N. Korean airline to be used to ferry S. Korean tourists to Mt. Paektu


North Korea’s state-run airline is likely to be used to ferry South Korean tourists to the North’s Mount Paektu, a government official said Sunday.

The official, who declined to be identified, said Air Koryo planes may be used to carry tourists, owing to concerns about safety related to Samjiyeon Airport, about 30 kilometers southeast of the mountain.

He did not elaborate on the nature of safety concerns, but said it may be inappropriate for South Korean flag carriers like Korean Air and Asiana to use the airport.

Tours to the 2,744-meter-high mountain, held sacred by many Koreans, are the result of the summit meeting between South Korean President Roh Moo-hyun and North Korean leader Kim Jong-il in early October.

He added that flights would probably use Seoul’s Gimpo International Airport, fly over Gangwon Province, head out into the East Sea before turning north toward Mount Paektu, on the North Korea-Chinese border.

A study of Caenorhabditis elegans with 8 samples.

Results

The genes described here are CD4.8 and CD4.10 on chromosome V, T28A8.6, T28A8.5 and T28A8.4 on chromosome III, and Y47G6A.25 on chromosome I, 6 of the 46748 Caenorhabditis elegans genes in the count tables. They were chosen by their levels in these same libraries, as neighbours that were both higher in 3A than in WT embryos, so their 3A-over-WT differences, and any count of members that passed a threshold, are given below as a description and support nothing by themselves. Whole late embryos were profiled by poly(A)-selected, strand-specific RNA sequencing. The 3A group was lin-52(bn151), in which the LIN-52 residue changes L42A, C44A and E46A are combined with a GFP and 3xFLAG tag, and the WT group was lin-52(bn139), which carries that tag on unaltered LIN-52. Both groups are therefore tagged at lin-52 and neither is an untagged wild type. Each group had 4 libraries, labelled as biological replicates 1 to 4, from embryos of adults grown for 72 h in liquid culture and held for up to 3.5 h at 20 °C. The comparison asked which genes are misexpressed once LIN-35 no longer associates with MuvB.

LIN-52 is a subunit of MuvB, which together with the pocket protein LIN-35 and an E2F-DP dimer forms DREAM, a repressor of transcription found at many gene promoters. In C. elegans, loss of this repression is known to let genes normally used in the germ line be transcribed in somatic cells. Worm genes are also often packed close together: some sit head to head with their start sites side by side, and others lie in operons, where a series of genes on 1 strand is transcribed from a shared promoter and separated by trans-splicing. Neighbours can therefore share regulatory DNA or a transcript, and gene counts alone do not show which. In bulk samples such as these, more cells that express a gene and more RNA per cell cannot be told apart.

The official said Gimpo has been selected as it can easily handle greater numbers of people than provincial air terminals, and the high level of airport security that can be maintained.

Hyundai Asan, which is responsible for organizing tours to North Korea, said direct flights linking Gimpo and Mount Paektu should begin in May, 2008.

The company currently organizes tours to Mount Geumgang on the east coast, and the historic city of Kaesong just north of the demilitarized zone separating the two Koreas on the west coast.